Judge deciding whether House Majority Whip can be added to sexual harassment suit
A former state employee who claims sexual harassment at the Capitol was back in court Monday, claiming she was fired from her job in retaliation.
Monday, February 2nd 2015, 7:49 am EST
Monday, February 2nd 2015, 4:08 pm EST
LOUISVILLE, Ky. (WDRB) -- A former state employee who claims sexual harassment at the Capitol was back in court Monday, claiming she was fired from her job in retaliation.
Yolanda Costner sat quietly in court with her husband and sister as her attorney Thomas Clay first told Circuit Judge Thomas Wingate why this case has not yet been resolved after more than a year in the courts.
“When an opposing party says 'Let's try to work out our differences', and then they slap us in the face by firing one of the plaintiffs, that kind of undermines any good faith,” Clay said during the hearing.
Costner claims her new boss, new House Majority Whip Johnny Bell (D-Glasgow), fired her because of her ongoing lawsuit against former Rep. John Arnold and the LRC, the agency that provides support staff for lawmakers.
Now she wants to add Bell to that lawsuit.
“We have evidence that Mr. Bell was proclaiming before he took this action what he intended to do, and why he intended to do it. It's my belief that those reasons why he did it are forbidden by law,” Clay told reporters.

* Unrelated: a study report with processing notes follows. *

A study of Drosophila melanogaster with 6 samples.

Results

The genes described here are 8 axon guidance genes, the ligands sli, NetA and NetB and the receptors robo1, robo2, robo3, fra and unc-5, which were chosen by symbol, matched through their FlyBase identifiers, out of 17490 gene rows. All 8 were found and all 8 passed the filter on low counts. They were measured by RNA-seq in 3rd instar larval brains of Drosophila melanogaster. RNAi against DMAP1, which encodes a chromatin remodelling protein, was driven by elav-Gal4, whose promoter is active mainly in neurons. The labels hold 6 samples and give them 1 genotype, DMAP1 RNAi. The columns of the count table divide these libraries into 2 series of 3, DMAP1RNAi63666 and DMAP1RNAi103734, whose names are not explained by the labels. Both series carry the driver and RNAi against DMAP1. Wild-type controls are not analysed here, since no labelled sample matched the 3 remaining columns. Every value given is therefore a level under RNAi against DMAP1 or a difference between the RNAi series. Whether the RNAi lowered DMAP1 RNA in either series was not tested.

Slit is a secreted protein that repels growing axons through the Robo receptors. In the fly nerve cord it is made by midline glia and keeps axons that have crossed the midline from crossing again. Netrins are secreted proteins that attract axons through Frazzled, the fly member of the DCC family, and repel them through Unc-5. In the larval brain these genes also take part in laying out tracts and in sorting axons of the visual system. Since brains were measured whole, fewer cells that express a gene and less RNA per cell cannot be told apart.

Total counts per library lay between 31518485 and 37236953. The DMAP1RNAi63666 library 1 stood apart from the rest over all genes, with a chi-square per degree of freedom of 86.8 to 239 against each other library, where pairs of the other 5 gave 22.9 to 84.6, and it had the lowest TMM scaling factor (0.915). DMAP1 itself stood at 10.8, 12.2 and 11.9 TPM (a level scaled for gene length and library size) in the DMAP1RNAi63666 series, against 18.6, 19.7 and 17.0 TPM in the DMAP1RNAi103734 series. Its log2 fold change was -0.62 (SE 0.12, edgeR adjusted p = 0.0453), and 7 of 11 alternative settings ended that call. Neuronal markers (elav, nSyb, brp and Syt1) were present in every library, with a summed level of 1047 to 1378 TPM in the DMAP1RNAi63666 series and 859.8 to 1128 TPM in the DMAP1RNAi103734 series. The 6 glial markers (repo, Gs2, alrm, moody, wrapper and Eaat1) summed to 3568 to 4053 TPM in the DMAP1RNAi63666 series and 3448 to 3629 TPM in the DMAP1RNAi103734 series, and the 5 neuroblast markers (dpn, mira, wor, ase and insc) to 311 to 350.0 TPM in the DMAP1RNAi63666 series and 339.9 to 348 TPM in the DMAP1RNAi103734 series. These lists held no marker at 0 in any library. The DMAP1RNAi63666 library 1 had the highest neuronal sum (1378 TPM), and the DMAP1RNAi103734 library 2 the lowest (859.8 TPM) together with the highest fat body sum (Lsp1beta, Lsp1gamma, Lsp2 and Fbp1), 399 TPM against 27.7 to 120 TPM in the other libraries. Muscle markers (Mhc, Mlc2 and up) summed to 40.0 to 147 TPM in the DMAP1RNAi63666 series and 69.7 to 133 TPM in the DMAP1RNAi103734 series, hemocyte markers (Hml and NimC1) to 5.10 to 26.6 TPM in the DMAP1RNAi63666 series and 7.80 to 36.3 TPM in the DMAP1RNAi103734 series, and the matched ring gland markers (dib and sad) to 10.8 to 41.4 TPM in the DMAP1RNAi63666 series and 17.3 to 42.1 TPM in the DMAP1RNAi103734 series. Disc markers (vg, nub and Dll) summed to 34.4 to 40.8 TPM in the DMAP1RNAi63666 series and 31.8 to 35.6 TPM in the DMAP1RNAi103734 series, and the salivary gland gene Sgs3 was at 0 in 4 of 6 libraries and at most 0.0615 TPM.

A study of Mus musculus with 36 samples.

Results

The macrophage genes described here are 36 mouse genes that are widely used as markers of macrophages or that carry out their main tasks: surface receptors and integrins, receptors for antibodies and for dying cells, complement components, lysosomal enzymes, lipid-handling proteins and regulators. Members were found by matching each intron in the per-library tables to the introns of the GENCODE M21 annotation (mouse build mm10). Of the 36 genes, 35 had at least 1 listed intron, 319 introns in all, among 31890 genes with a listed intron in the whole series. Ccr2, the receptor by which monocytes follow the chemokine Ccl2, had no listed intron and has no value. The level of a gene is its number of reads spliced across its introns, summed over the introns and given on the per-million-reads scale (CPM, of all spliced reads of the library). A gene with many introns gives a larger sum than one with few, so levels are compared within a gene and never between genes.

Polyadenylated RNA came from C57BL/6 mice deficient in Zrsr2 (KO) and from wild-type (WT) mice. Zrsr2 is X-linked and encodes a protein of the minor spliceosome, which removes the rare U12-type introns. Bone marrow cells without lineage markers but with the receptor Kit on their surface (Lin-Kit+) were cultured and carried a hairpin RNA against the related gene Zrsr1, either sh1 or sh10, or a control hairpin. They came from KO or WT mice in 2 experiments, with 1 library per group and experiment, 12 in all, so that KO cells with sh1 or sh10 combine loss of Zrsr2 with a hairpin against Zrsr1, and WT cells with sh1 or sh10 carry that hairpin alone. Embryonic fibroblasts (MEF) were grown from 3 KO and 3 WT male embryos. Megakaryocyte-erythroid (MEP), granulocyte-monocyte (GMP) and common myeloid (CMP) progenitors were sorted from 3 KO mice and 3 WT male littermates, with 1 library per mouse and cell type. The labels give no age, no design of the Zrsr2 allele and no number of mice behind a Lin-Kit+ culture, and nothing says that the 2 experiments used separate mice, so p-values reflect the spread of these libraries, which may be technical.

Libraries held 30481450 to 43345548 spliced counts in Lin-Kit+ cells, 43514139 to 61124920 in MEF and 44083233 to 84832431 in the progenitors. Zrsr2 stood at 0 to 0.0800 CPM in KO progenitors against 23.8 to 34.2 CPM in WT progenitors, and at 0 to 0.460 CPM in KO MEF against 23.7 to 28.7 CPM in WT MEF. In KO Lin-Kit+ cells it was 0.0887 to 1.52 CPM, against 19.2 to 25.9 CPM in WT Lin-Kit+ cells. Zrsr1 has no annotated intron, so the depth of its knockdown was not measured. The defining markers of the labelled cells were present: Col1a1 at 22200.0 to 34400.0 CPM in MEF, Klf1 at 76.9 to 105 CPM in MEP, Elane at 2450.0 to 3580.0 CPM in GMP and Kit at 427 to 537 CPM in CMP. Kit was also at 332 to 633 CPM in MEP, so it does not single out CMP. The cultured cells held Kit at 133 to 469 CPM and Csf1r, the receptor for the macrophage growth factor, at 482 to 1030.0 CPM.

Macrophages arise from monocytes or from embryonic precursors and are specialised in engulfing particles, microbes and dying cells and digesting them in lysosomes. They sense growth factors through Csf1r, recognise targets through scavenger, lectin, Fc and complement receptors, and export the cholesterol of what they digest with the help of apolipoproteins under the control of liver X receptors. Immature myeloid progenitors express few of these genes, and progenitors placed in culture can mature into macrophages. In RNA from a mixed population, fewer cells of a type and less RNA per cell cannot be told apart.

Neither Bell nor his lawyer came to court, but the attorney for LRC claims Bell has the right to hire and fire his staff as he sees fit.
“There's no contention that I see that is meaningful that the dismissal had anything to do with Ms. Costner filing complaints regarding John Arnold,” said Leslie Vose.
Vose says any complaint against Bell should be filed in a separate lawsuit.
Clay also wants Judge Wingate to order the LRC to turn over evidence he claims it is withholding; evidence Clay says reveals a culture of sexual harassment and discrimination at the Capitol.
“We're hoping that Judge Wingate will order LRC to come clean,” said Clay.
The LRC claims Clay's requests are too broad and endanger the privacy of some Capitol staffers.
The agency also denies any sexual harassment culture.
“There have been complaints, just like in any workplace. They've been investigated and dealt with,” said Vose.
The judge could rule on either or both motions by the end of this week.